Aug 19,2023 | MCLEYE

Do I Need Contact Lens Prescription?

It's important to understand that obtaining a prescription is essential when considering contact lenses. While there might be a few exceptions in certain countries, in general, a prescription is required for all types of contact lenses. This includes colored contact lenses that are used primarily for cosmetic reasons.

Before making any contact lens purchases, it's advisable to have a conversation with an eye doctor. Eye care professional will conduct an eye examination to determine your specific prescription. Additionally, a fitting for the lenses will be necessary to ensure they are a proper match for your eyes.

How do I read prescriptions for colored contact lenses?

Reading prescriptions for colored contact lenses follows a similar format to regular contact lens prescriptions, with a few additional details related to the color aspect. Here's a step-by-step guide on how to read a prescription for colored contact lenses:

1. Doctor's Information: The prescription will start with the name, address, and contact information of the eye care professional who issued the prescription. This is usually found at the top of the prescription.

2. Patient Information: Next, you'll find the patient's name and other relevant personal information, such as the date of the prescription.

3. OD and OS: The prescription will often have the abbreviations "OD" and "OS" listed. These stand for "oculus dexter" (right eye) and "oculus sinister" (left eye), respectively. The information for each eye is listed separately.

4. Sphere (SPH): This indicates the main lens power in diopters (D) for each eye. It can be a positive (+) or negative (-) value. A positive number means you are farsighted, and a negative number means you are nearsighted. For example, if the prescription says -2.00, it means you are nearsighted by 2 diopters.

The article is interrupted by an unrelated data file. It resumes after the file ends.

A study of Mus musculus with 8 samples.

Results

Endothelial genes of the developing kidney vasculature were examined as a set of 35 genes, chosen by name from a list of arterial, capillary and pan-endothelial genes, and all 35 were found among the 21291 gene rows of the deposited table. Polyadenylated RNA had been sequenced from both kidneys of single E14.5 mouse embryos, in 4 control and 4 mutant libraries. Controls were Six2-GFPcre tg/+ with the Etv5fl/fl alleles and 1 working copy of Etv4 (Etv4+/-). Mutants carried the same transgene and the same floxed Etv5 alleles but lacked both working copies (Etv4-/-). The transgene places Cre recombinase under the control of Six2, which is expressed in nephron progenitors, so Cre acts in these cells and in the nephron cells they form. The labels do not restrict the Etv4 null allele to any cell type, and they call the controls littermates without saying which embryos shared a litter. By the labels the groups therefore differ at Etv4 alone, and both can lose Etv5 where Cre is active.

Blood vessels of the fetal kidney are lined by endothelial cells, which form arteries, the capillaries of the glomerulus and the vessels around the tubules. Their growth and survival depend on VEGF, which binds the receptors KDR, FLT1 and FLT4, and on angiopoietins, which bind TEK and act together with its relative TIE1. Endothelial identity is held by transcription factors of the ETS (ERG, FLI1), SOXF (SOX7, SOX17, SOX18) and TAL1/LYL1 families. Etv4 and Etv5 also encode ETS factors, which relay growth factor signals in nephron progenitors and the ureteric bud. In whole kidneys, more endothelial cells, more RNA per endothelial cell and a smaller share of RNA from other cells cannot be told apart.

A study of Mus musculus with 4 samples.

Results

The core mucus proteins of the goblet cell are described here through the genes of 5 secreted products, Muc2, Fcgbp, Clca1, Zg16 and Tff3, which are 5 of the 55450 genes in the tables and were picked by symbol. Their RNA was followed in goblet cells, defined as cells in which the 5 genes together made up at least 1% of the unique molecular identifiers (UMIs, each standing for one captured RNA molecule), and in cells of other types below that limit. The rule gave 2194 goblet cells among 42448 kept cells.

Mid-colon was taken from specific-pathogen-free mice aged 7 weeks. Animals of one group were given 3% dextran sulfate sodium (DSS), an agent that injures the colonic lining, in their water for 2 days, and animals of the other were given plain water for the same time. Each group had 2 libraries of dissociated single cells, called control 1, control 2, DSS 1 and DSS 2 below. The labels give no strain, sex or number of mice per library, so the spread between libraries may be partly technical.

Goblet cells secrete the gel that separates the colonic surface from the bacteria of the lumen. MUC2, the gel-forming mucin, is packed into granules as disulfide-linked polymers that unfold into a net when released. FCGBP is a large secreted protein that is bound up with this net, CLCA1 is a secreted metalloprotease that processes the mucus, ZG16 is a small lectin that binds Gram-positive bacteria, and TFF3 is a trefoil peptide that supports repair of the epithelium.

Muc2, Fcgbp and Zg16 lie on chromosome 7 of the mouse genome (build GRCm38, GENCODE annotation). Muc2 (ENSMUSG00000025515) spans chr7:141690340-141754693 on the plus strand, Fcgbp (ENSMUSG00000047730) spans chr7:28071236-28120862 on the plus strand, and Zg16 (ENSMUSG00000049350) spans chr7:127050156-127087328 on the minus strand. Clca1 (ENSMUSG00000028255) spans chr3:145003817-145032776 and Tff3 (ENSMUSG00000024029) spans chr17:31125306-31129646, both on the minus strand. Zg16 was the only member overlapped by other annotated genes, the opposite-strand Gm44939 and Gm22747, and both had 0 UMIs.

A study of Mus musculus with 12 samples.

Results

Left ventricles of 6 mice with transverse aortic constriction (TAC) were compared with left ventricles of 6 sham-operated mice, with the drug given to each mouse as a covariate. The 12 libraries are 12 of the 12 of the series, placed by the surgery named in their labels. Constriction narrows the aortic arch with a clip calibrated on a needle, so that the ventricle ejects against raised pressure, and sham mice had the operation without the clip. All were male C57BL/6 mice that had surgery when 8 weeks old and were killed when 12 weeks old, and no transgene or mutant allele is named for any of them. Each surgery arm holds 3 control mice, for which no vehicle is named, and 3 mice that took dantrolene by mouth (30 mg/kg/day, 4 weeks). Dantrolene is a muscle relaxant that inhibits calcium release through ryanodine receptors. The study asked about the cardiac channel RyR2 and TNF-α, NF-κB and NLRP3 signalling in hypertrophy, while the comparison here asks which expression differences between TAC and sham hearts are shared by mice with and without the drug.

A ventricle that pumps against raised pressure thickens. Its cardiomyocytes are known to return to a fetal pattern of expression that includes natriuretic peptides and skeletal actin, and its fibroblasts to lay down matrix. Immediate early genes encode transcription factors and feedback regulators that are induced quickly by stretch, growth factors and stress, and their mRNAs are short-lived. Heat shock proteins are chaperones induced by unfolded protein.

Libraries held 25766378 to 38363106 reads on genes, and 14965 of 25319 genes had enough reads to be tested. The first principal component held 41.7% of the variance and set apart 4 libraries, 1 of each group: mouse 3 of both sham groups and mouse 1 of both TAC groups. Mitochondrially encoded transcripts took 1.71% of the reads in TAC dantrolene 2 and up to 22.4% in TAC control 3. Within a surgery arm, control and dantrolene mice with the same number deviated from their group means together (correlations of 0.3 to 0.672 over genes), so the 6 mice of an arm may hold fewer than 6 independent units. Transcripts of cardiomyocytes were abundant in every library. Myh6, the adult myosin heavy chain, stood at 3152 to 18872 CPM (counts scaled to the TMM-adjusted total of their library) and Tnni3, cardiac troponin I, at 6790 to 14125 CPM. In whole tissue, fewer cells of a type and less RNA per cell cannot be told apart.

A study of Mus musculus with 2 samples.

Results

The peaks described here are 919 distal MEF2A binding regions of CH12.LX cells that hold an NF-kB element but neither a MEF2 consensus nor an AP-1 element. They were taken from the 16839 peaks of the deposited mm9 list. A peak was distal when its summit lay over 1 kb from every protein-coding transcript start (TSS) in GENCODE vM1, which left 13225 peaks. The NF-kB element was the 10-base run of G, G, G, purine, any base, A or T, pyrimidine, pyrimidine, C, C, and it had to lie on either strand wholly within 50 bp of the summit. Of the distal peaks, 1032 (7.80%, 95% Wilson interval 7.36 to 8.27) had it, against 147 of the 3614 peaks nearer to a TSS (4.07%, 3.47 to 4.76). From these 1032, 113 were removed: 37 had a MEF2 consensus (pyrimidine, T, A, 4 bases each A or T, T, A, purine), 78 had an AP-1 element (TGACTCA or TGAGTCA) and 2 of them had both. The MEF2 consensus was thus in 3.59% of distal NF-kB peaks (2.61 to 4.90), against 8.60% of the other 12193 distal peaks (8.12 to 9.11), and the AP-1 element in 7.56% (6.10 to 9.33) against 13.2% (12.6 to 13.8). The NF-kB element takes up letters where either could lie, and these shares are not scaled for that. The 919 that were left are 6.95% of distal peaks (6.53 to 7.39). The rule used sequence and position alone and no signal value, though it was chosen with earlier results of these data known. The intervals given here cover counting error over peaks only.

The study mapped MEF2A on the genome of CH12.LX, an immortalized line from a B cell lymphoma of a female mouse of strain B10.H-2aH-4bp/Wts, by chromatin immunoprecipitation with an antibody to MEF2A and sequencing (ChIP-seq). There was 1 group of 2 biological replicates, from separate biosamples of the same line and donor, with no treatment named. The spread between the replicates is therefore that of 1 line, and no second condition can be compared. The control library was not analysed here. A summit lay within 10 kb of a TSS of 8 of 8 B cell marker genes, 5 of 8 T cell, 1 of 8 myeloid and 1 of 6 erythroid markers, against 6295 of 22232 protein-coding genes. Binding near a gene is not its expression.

5. Cylinder (CYL): If you have astigmatism, this value will be present. It is indicated in diopters and can be positive or negative. If the prescription has no cylinder value, you don't have astigmatism.

6. Axis: The axis is only applicable if there is a cylinder value present. It shows the orientation of the astigmatism correction in degrees.

7. Addition (ADD): This is an additional power for those who require multifocal lenses, usually for presbyopia. It is measured in diopters and can be a positive number.

8. Base Curve (BC): This is the curvature of the back surface of the contact lens, measured in millimeters (mm). It helps ensure a proper fit.

9. Diameter (DIA): The diameter of the contact lens is also measured in millimeters (mm). It determines the size of the lens.

10. Dominant: This information pertains to individuals in need of multifocal or bifocal lenses. The dominant eye is denoted with a “D”, while the non-dominant eye is denoted with an “N.”

11. Brand and Material: The prescription may also include specific details about the brand and material of the colored contact lenses recommended by the eye care professional.

12. Color Specification: The most crucial part of a colored contact lens prescription is the specification of the color and any pattern if applicable. This could be mentioned as a brand or model name, color description (e.g., blue, green, hazel), or specific design (e.g., natural, enhancer).

13. Expiration Date: The prescription will have an expiration date, after which you'll need to get a new one for purchasing contact lenses.

Ensure you always adhere to the guidance given by your eye care professional and purchase colored contact lenses only from reputable sources with a valid prescription. Should you have any inquiries or apprehensions, don't hesitate to seek advice from your eye care professional.